On more than one occasion at Guang Jue Temple I have been asked by retreat guests the question, or perhaps comment disguised as a question, “Surely you don’t really believe that!”. The question is most often asked in response to some doctrinal point or practice in Pure Land Buddhism but could have equally been asked in response to any aspect from any school of Buddhism.
I am very often intrigued by the question as I wonder what answer the inquirer is expecting. “No, of course, I don’t believe that. I am really just kidding.” Or, “No, I don’t believe that because all that the Buddha taught is far too hard to believe, I just spend my time pretending to believe!” Perhaps it is because the inquirer is struggling with that particular aspect of the teaching that he/she would feel more comfortable if she didn’t have to make such an enormous leap of faith into what could seem as strange unknown territory. Perhaps it is because they are struggling to put me into the box which has been their comfort zone for so long. After all, what is this Buddhism stuff? I thought it was about quiet and relaxing meditation and now I am being told to believe in a thing called Karma and other things with unfamiliar sounding names from a language which is not my own or believe in a Buddha I have never heard of. All too hard! Of course, I would feel that if I believed in these things I would be struggling to make sense of it all and how I fit in.
Buddhism is the teaching of the Buddha. Now I learn there are more Buddhas. And this Amitabha Buddha? I am not even sure he really lived. But then again, I am not even sure what “really” means any more. Such are the struggles that many have in meeting the Pure Land School or Jing Tu Zong as it is termed in Chinese Pure Land Buddhism, one of the largest schools of Buddhism in China.
It seems that it is a big leap in faith to get one’s head around Pure Land concepts or indeed many concepts in Buddhism. It is not surprising then that even many of Buddha’s own disciples found it difficult to believe many of his words. The Pure Land method is concerned with many transcendental realms beyond human knowledge or wisdom. This is why it is very difficult for us to readily understand such realities. The fault lies with the practitioner, not the method. Faith is the operative word. It is indeed a major foundation on which Pure Land Buddhism is built. The tripod on which Pure Land stands includes faith, vows and practice. The three are really a unity.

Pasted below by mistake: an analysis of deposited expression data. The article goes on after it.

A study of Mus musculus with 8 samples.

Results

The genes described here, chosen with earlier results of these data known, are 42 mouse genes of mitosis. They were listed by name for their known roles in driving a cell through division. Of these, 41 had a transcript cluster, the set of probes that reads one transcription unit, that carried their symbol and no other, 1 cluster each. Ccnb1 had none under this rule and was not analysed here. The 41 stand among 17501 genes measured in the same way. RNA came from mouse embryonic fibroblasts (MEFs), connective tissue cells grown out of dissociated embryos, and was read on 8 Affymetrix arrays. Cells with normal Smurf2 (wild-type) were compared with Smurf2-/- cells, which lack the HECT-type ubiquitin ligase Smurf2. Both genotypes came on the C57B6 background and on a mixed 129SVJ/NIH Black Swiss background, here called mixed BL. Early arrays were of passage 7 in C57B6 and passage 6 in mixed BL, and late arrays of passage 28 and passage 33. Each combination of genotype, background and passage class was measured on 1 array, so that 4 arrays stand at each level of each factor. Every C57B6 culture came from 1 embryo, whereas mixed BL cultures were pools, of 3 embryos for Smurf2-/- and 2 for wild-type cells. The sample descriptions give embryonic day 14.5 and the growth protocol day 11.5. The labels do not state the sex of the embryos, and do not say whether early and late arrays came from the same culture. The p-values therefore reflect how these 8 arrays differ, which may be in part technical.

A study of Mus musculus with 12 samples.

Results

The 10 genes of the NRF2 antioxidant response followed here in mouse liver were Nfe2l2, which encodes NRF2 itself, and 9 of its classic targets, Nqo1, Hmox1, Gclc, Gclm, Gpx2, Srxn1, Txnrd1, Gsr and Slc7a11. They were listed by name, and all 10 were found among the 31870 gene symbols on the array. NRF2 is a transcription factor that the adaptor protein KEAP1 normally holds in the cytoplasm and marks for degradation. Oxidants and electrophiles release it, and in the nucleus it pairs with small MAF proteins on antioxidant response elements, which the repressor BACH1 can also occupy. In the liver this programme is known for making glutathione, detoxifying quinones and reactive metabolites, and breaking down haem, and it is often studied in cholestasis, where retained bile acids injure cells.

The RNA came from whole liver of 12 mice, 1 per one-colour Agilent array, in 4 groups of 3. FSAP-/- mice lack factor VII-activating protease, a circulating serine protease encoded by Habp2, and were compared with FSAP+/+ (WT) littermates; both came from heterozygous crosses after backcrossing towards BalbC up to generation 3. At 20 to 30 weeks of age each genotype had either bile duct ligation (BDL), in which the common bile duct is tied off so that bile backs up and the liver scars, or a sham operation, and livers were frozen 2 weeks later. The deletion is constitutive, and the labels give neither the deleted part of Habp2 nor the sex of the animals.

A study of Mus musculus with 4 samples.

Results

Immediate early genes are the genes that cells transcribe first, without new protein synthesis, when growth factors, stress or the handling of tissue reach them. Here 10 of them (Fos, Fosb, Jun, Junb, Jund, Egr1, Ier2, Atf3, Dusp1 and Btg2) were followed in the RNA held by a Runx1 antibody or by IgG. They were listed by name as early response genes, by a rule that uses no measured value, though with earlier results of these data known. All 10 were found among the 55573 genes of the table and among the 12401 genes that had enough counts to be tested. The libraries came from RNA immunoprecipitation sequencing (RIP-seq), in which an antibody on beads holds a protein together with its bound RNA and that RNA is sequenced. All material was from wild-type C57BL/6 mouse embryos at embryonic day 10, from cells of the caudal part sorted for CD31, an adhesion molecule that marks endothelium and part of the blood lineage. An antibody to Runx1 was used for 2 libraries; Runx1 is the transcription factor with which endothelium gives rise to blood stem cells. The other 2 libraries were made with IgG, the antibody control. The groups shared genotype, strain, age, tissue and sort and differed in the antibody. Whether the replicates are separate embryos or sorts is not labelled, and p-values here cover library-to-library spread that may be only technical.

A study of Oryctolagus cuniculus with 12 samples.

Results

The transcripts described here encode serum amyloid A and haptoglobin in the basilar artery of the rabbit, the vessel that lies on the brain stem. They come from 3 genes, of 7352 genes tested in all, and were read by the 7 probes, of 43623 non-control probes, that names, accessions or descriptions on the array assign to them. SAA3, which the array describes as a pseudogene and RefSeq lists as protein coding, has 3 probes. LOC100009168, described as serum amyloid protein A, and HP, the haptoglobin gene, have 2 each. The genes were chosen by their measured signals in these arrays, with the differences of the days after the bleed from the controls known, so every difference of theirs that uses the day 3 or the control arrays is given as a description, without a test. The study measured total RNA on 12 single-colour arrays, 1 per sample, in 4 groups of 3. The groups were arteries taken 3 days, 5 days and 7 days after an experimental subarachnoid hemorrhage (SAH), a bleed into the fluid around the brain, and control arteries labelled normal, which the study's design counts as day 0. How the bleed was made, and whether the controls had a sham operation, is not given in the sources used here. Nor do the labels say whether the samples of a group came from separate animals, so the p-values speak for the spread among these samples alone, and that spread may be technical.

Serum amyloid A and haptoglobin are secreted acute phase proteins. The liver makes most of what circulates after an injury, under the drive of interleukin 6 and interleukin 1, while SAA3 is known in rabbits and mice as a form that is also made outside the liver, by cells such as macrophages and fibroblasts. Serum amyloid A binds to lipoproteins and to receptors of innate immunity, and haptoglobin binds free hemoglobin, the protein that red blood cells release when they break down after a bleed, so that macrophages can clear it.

For many exploring Buddhism the word “faith” has a familiar ring to it being used in other religions. However, the concept of faith in Buddhism is quite different to other religions. In Buddhism, faith never means blind faith. In Buddhism, faith is a faith that evolves from wisdom, rigorous testing and practice. When I was a young boy I was a late starter in learning to ride a bicycle. I recall my younger sister saying: “you think you can really ride that thing?” I was not quite sure but I had seen my friends ride their bicycles so I guessed I could do it. At first it was hard and I needed the steady hand of my father to hold the bicycle for me so that I could get a sense of balance. Eventually he would let go. Many falls and scrapes later I was able to ride and as I got my balance I became more and more confident. This is very much like our beginning days in Buddhism. As we put it to the test we soon see the results and the results in turn increase our faith and motivation.In Pure Land Buddhism the word vows carries with it the sense of strong motivation. We are motivated to seek and attain life in the land of Ultimate Bliss in our progression to Nirvana. Without motivation learning any discipline is difficult be it swimming, riding a bicycle or practicing Buddhism. Motivation must be strong. Each day in our practice we renew our vows, that is, our motivation towards attaining the goal.